Melanocytes are present in the basal layer of the epidermis and are responsible for skin pigmentation. In vitiligo, there is autoimmune destruction of melanocytes leading to localized loss of skin pigmentation.
Vitiligo causes localized loss of skin pigmentation, which presents as hypopigmented areas of skin. The areas of hypopigmented skin are typically chalk or milk- white in color and the lesions are well circumscribed.
Vitiligo can affect any part of the body, but it is common in peripheral body parts known as acral areas such as fingers, toes, and ears. It also is seen around orifices and body folds like the armpits, groin, and genitalia.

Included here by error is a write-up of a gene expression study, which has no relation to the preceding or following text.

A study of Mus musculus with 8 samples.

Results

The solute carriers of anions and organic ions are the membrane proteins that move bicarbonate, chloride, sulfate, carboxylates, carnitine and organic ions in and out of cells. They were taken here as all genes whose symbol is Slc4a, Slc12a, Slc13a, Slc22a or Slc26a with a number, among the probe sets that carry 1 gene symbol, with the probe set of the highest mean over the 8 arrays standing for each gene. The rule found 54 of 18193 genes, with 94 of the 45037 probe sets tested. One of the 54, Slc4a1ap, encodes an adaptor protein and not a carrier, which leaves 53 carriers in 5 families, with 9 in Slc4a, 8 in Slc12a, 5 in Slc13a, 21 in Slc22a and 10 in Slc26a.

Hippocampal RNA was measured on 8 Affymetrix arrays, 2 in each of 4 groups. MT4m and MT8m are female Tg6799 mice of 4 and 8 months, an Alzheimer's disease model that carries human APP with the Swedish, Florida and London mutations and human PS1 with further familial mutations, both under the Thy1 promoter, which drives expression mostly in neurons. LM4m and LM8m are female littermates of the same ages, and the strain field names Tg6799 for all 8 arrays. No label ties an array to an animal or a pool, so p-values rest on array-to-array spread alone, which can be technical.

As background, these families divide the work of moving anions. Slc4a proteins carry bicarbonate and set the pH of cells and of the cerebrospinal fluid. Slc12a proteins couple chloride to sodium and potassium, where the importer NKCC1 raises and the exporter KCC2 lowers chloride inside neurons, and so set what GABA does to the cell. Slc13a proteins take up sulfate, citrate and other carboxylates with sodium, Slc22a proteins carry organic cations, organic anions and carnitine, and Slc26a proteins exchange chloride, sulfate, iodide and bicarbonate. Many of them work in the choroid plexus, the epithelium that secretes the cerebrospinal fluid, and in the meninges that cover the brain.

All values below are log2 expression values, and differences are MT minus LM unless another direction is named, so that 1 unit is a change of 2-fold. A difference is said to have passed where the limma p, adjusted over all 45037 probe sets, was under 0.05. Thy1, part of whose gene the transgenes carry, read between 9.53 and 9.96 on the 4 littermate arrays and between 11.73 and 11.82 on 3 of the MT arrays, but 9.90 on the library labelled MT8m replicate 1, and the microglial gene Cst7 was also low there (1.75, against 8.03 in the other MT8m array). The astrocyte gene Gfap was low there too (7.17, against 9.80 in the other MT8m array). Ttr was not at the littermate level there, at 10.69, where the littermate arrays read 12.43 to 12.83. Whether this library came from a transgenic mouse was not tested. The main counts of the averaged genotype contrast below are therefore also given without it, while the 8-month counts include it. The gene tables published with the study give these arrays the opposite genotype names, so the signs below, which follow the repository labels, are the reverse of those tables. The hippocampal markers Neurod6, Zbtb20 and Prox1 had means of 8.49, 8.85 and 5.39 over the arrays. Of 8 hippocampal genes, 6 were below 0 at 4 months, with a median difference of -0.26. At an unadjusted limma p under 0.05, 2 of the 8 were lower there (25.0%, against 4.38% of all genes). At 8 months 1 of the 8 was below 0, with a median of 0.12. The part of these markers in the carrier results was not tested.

Vitiligo is normally a clinical diagnosis and no tests are needed to make the diagnosis. However, sometimes a Wood’s lamp (black light) is necessary to detect the white patches in lighter skinned individuals.
Increased frequencies of other autoimmune disorders, such as autoimmune thyroid disease, pernicious anemia, Addison’s disease and systemic lupus erythematosus have been identified in patients with vitiligo.
Topical corticosteroids are typically the first treatment of choice for patients with disease covering less than 10% of the body. Corticosteroids are avoided in thin skinned areas such as the face because of the potential for skin atrophy.
Topical calcineurin inhibitors including tacrolimus are second-line medications for vitiligo. Unlike topical corticosteroids, tacrolimus does not cause skin atrophy, and may be used for thin skinned areas such as the face. However, these agents are used with caution due to a possible link between tacrolimus and lymphoma.
Ultraviolet radiation therapy is used in patients with more extensive vitiligo. Examples of therapy include narrowband UVB and PUVA.